The World Tourism Organization

(WTO) is convinced that the terrorist attacks on Madrid should not have dramatic impacts on the Spanish tourism industry.
“It’s still early to assess the consequences for tourism, but we do not think they will be so damaging,” said the WTO Secretary-General Francesco Frangialli after the closure of the International Tourism Fair (ITB) in Berlin, which finished on 16 March. “It was an attack against Spanish democracy and the people living in Madrid, not against the Spanish tourism industry or foreign tourists” he stressed. Spain and its capital Madrid have been hosts to WTO since 1976.

He also pointed out that the attacks in the October 2002 explosion in a Bali nightclub that killed 202 people or similar attacks the same year in Kenya and Tunisia, which were aimed at foreign visitors, are not comparable. They were of a different nature.

“Easter is an important week in Spain, but we are still far from the summer season and the phenomenon of late bookings is very important. So consumers still have a lot of time for choosing their destination” he said. Spain - the world’s second destination after France - was visited by 52.5 million foreign tourists in 2003 (growth of 0.3 per cent) and increased its international tourism receipts by 3.7 per cent to 36.9 billion euros.

“We are firmly convinced that the Spanish tourism industry will show ability to overcome this tragic event” Mr. Frangialli stressed. “Spanish tourism has changed dramatically in the last decade, it became much more diversified and is, thus, less vulnerable. Spain is no longer a ‘sea, sun, sand’ destination, but a powerful player in the international market, with a developed meetings industry, culture, gastronomy, famous pilgrimages like the one to Santiago de Compostela. Tourists visit it all year around, not only in the summer and during events like the Forum in Barcelona, which is expected to attract five million visitors.”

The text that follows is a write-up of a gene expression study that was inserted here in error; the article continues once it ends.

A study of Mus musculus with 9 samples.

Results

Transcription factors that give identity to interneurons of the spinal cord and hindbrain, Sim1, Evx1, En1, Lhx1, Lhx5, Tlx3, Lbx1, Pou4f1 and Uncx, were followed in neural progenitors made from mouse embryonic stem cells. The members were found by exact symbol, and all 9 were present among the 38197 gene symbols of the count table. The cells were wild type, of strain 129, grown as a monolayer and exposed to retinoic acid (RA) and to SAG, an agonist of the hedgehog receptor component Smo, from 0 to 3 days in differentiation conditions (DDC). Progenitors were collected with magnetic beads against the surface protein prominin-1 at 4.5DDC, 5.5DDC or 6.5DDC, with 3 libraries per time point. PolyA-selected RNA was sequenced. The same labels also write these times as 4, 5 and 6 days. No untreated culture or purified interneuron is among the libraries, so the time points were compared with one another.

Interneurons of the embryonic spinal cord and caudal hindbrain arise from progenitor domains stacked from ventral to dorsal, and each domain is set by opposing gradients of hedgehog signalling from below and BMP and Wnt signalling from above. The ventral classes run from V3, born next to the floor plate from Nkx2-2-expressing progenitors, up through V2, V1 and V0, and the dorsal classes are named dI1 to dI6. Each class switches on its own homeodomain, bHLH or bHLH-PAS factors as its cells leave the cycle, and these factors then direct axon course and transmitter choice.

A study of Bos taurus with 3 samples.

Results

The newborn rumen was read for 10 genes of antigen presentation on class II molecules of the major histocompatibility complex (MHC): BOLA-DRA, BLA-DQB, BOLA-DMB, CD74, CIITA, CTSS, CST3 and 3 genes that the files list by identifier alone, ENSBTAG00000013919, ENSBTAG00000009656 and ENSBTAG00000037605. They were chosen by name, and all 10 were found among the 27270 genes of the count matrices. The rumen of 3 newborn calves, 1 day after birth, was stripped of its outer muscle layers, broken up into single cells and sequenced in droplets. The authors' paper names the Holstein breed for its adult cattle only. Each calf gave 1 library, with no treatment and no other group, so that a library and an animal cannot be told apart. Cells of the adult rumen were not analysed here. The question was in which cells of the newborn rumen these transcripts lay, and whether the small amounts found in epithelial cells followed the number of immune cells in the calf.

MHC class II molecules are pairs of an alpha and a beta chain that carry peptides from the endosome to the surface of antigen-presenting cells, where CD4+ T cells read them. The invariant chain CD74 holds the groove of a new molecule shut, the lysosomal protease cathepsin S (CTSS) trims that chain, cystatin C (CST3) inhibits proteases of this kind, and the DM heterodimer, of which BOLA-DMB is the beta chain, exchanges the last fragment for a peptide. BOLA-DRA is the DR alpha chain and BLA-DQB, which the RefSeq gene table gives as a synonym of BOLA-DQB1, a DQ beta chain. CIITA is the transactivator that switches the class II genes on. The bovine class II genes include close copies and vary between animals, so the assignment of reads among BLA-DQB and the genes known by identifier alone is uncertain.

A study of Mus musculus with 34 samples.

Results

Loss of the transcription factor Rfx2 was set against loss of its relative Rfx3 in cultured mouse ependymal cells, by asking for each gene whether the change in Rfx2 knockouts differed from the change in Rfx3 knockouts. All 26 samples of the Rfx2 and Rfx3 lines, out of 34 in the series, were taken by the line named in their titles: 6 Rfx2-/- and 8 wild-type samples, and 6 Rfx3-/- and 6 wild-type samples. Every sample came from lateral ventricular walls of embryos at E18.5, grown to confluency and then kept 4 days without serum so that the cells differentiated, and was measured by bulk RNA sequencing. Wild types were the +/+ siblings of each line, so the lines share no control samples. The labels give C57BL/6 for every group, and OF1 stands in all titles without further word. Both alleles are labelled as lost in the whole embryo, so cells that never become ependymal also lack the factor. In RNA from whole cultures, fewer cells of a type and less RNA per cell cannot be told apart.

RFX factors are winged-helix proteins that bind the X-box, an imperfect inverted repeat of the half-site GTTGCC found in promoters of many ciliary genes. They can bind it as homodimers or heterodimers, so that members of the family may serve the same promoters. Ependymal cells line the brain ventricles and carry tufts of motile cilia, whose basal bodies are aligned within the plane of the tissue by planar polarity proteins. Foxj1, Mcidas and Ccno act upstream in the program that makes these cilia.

“There are many indications that this tragedy takes place at a moment when the prospects of worldwide tourism are improving. The consequences of the attacks should not hinder the positive trend” underlined Mr. Frangialli. “It could delay or reduce it marginally, but we believe we are on the path to recovery… back to the trend of four to five percent.” WTO has identified late booking, shorter breaks and more domestic and regional travel, as increasing trends. According to ITB organizers, there were no noteworthy cancellations to Spain by tour operators for the summer season. Furthermore, many more tourists are coming to Spain individually, by their own means of transportation and they make decisions very late, in May or June or even only a few days before their actual holidays.

ITB confirmed the expectations of the WTO Panel of Tourism Experts, published in the “World Tourism Barometer”, which expect the international tourism to recover in 2004 after a three-year period of crises and uncertainty.

“Unprecedented solidarity shown by the tourism industry with Spain at the ITB recalled the human dimension of tourism” Mr. Frangialli concluded. “We will not and cannot allow terrorism to prevail, reintroducing fear and uncertainty in the rebounding international tourism market.”

Mr. Frangialli expressed his and the Organization’s condolences and sympathies to the Spanish Minister of Foreign Affairs Ms. Ana Palacio and the Tourism Secretary, Mr. German Porras immediately after learning about the attacks and offered the full support of the Organization.